A 1930s-style truck escapes from a large monster© Jared Fischler
A 1930s-style truck escapes from a large monster© Jared Fischler

How to use the new features in Phoenix FD 4 — Part 2


With Voxel Tuner, TexUVW and thinkingParticles integration, you can take your Phoenix FD 4 simulations to the next level. Find out how in part 2 of our guide. 


In part 1 of our Phoenix FD for 3ds Max and Maya guide, we showed you how to use Active Bodies, Standalone Previewer and the Particle Tuner to quickly create more realistic simulations in Phoenix FD 4. Take a look at part 1 here >

In this installment, we’ll cover how the Voxel Tuner, TexUVW and thinkingParticles integration all work in Phoenix FD 4.


Voxel Tuner


Like the Particle Tuner, the Voxel Tuner uses еxpression operators, but it will affect the voxels of the Phoenix FD Simulator. This means you get finer control over Fire, Smoke, RGB — and the rest of the grid channels. 

You can procedurally create smoke and temperature without using Sources, just by using the voxel’s velocity or distance to a certain object. Varying fluid behaviors can be born from different sources within the same simulator or you can limit some of the effects to specific zones of the Phoenix container.

For example: If the Temperature inside a voxel reaches a certain value, then emit smoke.

The new Tuner nodes allow for a much more procedural approach for a wide variety of shots. A great example of this is a spaceship landing on the surface of a dusty planet. 

If you follow the traditional workflow, you need to animate your Phoenix FD source to match the object’s animation. But if somewhere along the way the animation changes, you would have to go and change the source’s keyframes as well. In complex, keyframe-heavy animations, this process can become tedious and time-consuming.

With the Voxel Tuner, you can skip the keyframing of the Phoenix FD source and emit fluid using the distance between objects. This way, if the object’s animation changes, you won’t lose precious time tweaking keyframes over and over.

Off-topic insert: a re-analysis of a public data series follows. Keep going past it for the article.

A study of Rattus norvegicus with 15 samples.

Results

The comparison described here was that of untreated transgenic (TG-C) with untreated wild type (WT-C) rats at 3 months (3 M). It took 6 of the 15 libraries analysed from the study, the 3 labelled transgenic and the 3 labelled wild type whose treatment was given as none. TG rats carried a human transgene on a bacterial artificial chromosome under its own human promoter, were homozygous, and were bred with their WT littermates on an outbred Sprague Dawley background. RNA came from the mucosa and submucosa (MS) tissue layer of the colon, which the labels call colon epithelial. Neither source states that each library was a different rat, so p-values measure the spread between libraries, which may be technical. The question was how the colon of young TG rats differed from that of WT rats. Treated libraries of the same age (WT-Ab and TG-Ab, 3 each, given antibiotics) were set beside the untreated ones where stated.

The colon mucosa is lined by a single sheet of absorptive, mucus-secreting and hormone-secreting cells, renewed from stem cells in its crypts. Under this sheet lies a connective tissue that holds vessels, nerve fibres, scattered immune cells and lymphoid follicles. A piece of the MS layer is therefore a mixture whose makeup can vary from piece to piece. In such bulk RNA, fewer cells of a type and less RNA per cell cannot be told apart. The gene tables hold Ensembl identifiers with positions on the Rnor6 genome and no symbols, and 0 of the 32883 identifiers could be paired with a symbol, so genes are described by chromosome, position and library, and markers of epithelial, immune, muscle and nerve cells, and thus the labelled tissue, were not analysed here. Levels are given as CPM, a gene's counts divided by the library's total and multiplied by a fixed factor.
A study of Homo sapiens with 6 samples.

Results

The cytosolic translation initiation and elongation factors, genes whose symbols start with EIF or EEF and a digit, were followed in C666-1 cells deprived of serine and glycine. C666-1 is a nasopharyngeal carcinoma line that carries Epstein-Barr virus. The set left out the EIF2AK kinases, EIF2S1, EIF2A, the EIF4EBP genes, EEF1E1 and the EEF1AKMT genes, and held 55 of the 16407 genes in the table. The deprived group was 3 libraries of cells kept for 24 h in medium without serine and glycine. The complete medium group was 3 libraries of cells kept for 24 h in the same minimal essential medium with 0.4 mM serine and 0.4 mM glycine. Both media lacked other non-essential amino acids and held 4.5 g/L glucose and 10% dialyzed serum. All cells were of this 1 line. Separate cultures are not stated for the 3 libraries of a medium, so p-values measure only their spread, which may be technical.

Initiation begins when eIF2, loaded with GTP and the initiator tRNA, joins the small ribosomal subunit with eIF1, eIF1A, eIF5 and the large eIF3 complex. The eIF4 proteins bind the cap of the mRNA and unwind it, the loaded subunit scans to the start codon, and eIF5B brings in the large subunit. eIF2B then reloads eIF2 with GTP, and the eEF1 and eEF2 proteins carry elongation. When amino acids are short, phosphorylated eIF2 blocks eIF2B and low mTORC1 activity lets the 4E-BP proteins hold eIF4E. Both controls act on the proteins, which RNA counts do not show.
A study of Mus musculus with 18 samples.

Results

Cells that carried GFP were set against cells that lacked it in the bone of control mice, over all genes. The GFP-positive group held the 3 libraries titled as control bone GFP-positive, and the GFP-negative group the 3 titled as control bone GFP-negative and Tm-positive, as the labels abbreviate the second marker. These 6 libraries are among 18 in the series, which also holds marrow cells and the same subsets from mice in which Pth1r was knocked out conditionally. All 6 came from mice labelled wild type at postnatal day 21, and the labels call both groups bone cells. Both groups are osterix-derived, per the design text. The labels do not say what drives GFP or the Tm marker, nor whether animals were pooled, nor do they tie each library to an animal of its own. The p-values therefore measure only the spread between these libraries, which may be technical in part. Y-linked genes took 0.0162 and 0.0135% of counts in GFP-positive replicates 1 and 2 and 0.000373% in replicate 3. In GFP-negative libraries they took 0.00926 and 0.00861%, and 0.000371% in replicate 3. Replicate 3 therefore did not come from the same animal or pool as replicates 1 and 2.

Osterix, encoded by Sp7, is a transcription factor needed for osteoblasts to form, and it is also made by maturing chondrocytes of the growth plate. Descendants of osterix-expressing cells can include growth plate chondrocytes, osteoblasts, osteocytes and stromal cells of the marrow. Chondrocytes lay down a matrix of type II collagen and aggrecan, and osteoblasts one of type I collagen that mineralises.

Using the expression operators you can stack multiple conditions and introduce more variation to your simulations. When creating conditions you can specify not only explicit values but random ranges — or use a texture’s intensity to modify the look of your effect.        

TexUVW


In Phoenix FD 4, we introduced TexUVW as a way to transport UVW coordinates along moving fluid. This allows you to create a number of different effects during the rendering process without having to iterate the simulation many times.

Previously, you could use textures for color, opacity and displacement, but if your volume or liquid was moving, the texture stayed in one place while the fluid swam right past it. You could use resimulation, but this takes additional simulation time and consumes much more memory. 

Using TexUVW, the texture can stick to and move together with the fluid. 

This is useful when you like how your simulation moves but you feel it needs more detail. You can use a texture to modify the color and opacity or add the needed detail through displacement. When the TexUVW channel is exported, the assigned textures flow organically with the fluid. 

Another great addition to the Phoenix FD toolset is that Sources can inherit the UVs of your emitter objects. This way, you can transport texture coordinates inside variable viscosity simulations and easily recreate effects such as melting, where the texture of the melted object sticks to the mesh. 

thinkingParticles integration


We have introduced new operators for thinkingParticles to create and influence tP particles based on the data from Phoenix FD simulations. 

Using the Phoenix Birth operator, you can create tP particles based on a certain channel of your fluid simulation. This way your tP particles can only be born where the temperature is in a certain range or if the fluid moves at a defined speed. 

The Phoenix Force operator will affect the movement of particles using the velocity data from a Phoenix FD simulation. This is useful when you want to give your particles an interesting motion pattern and add more variety to your effects, such as disintegrations or destruction scenarios. 

The Phoenix Sample operator allows Grid Channel data to be extracted from the Phoenix FD Simulator. This way, for example, you can sample the Velocity or the RGB data from your simulation, multiply it by a certain value and pass it along to your tP particles in order to achieve more creative control.

With the help of the Phoenix Particle shader and the Phoenix Particle Texture you can read and render tP particles and custom data channels. This way, you can shade your particles based on their age, position — or any other custom data channel you have created inside of thinkingParticles.

 

In previous versions of Phoenix FD, you could use thinkingParticles as an emitter, although they were treated as non-solid objects. With version 4, the Phoenix Sources are now aware if tP particles have an assigned shape and Phoenix FD can treat this geometry shape as an emitter or an obstacle. This functionality allows you to create collapsing buildings and destruction effects.

Want to learn about Active Bodies, Standalone Preview and the Particle Tuner in Phoenix FD 4?

Don’t miss Part 1 of our Phoenix FD 4 features guide >

In short:


With the Phoenix 4 release cycle, we’ve focused on expanding our toolset for better simulation control. We’ve laid the groundwork and introduced several entirely new sim options — the new features give you more creative control over the rendering and better integration in the VFX ecosystem.